Bill T. Jones


Bill T. Jones has never created a single work about AIDS. He will tell you that firmly, perhaps forcefully. But the facts that he is HIV positive and that he lost his partner in love and work to AIDS, infuse his choreography, making several of his breathtaking works metaphors for the pain and life-changing force of AIDS. And Jones himself, a commanding presence, both physically and creatively, is a testament to the strength of those living with the disease. “Most of us are burdened with the perception that being HIV positive equals death,” says the 51-year-old Jones. “This I refused to accept.”

Jones co-founded the Bill T. Jones/Arnie Zane Company with his partner Arnie Zane in 1982, as a multicultural, not-for-profit dance company. The work of his groundbreaking ensemble crew has been hailed as sophisticated, disarming, innovative, diverse, full-bodied, political and eloquent, a fusion between dance and theater. The 11-member company has an ever growing repertoire of 50 works and has performed in over 130 American cities and 30 countries. The company has also received numerous awards, and in 1994, Jones was given a prestigious “genius” award from the MacArthur Foundation.

Born in Bunnell, Florida, in 1952, Jones was the tenth of 12 children, the son of migrant farm workers. Jones began his dance training in upstate New York at the State University of New York at Binghamton. It was also there, in 1971, that he met his life partner Arnie Zane. In collaboration, the two choreographed and performed a number of works before Zane died in 1988. “Arnie and I were dubbed a ‘same-sex choreographic duo,’ and routinely described by the press as ‘tall and Black, short and white,’” Jones wrote in his 1995 biography Last Night on Earth. “When he died, I’d been with him 17 years—nearly as long as I’d lived with my family, nearly half my life.”

Shortly after Zane’s death, Jones created Last Supper at Uncle Tom’s Cabin/The Promised Land, which premiered at the Brooklyn Academy of Music in 1990. That lyrical, three and a half-hour long deconstruction of the infamous Harriet Beecher Stowe novel explored the themes of faith, slavery, race and identity. The work also stunned audiences—and critics—with its use of “real people” performing nude in the last half hour of the work. “The Promised Land, with its hordes of naked flesh coming wave after wave into the footlights, is a visual manifestation of my profound sense of belonging,” says Jones. “This was my portrait to us—all of us. It was my battle to disavow any identity as a dying outcast and to affirm our commonality. Some 1,000 people from 30 cities stood naked, took a bow, and said, ‘We are not afraid.’”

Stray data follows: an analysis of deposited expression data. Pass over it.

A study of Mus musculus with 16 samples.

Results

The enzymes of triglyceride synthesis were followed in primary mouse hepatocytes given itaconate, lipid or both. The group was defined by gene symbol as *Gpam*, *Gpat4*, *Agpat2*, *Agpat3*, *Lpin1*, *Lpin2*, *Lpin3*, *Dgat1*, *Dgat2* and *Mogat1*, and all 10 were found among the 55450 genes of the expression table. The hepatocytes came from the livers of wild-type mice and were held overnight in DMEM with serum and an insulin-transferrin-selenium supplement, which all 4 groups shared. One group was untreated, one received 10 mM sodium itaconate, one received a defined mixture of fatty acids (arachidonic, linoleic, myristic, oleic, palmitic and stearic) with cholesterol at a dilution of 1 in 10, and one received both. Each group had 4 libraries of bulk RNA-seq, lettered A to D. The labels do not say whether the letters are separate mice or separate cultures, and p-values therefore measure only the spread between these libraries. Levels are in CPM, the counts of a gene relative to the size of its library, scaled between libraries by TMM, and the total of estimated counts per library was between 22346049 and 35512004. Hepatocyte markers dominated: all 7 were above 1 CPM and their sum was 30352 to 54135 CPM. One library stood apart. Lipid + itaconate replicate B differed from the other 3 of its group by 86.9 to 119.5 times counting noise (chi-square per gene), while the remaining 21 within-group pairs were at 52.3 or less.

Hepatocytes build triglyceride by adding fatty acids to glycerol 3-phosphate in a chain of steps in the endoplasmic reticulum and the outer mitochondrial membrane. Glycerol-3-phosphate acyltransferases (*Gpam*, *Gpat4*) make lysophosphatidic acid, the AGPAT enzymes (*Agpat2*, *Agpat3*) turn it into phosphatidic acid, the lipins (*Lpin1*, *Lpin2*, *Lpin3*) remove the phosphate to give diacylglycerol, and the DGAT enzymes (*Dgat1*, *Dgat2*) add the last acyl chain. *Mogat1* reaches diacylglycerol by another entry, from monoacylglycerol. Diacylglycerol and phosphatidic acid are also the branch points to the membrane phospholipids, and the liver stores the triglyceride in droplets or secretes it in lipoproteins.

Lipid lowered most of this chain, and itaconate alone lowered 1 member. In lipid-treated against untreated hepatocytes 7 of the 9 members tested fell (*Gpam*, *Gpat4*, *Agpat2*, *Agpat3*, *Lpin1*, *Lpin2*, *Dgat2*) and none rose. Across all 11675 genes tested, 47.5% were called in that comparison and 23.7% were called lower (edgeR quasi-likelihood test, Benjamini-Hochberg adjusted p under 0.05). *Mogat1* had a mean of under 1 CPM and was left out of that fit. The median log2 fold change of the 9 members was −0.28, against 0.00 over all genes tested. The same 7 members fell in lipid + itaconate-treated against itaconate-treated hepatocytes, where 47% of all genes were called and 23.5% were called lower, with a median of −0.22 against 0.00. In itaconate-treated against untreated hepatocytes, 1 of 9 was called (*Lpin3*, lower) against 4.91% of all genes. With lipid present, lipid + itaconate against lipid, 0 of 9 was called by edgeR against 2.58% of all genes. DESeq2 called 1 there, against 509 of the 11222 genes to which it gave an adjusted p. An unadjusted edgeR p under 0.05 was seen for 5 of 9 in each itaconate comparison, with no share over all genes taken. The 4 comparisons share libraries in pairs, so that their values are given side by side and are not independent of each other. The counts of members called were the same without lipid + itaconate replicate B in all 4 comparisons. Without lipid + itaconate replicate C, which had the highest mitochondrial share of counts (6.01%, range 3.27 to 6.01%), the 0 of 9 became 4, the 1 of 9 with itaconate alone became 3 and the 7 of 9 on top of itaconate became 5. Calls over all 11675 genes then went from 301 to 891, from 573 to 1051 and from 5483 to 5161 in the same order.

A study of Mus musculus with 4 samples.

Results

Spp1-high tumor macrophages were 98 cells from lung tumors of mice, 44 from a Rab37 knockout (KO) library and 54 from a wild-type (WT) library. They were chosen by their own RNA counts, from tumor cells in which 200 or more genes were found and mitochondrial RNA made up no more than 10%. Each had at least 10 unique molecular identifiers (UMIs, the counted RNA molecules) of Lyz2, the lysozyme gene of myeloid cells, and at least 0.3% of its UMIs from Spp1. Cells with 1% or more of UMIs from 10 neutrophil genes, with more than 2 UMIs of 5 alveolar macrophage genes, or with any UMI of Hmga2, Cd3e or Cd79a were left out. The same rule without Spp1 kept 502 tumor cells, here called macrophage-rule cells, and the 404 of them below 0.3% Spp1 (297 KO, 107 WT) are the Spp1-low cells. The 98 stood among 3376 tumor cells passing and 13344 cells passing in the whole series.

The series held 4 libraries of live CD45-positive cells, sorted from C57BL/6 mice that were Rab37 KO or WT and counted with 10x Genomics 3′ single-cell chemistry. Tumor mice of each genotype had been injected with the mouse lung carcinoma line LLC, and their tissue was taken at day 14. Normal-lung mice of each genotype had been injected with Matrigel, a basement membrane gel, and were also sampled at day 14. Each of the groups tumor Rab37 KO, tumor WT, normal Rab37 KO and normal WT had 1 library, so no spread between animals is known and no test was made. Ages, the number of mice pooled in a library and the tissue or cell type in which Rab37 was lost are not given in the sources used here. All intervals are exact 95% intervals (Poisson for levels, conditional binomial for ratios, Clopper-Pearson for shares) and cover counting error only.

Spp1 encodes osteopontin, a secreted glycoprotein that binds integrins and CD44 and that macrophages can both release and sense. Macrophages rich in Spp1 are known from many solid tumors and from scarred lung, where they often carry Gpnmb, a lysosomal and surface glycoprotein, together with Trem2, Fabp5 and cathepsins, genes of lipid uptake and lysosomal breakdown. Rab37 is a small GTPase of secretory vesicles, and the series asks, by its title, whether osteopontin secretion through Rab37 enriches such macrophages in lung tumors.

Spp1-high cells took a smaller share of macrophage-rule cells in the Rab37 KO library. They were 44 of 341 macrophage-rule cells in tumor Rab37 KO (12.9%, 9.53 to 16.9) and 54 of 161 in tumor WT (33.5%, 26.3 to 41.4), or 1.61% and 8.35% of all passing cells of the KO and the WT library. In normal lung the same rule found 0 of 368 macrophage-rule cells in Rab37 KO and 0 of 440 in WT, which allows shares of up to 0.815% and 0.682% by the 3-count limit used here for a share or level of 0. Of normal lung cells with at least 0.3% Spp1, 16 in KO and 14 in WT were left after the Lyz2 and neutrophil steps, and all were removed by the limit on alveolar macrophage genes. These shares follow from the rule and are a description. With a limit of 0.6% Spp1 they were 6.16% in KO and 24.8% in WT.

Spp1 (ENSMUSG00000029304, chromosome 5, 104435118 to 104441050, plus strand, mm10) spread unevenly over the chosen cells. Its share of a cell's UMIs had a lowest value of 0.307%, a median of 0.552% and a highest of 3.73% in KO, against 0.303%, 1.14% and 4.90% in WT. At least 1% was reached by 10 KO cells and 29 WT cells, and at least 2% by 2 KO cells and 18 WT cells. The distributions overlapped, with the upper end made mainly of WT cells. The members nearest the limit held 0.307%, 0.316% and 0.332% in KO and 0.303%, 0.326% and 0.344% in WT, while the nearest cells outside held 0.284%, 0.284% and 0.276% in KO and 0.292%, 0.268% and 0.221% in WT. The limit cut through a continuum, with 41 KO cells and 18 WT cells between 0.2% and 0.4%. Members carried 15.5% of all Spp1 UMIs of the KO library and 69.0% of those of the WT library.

In 1994, Jones’s brilliantly controversial Still/Here opened at the Brooklyn Academy of Music and was later the subject of a PBS documentary. That work was based on Survival Workshops Jones conducted with groups of people suffering from life-threatening illnesses. He videotaped their moving stories and incorporated them into the performance. While Newsweek magazine called Still/Here “a work so original and profound that its place among the landmarks of 20th century dance seems ensured,” The New Yorker magazine dance critic Arlene Croce dubbed the work “victim art” and refused to review it or see it.

Jones’s vision remained, unmoved by the swirling debate. “The dancers would not impersonate the sick and dying,” Jones explained about creating the piece. “[They would reveal] the many variations of the struggle I learned about through Arnie’s illness and death and the illnesses and deaths of numerous others, through my own experience, and through the experiences of workshop participants. I realized that the resources necessary to cope with life-threatening illnesses were the same as those necessary for truly owning one’s life.” Most recently, Jones presented The Table Project, which again featured non-dancers, this time performing on a sculpture created by his current partner, Bjorn Amelan. “In its beginnings, dance was something that we, as a community, enjoyed. It was the way we told our stories,” says Jones. “That is what makes dance such a supremely human art. This is also what I love about it. I am proud to join in its creation.”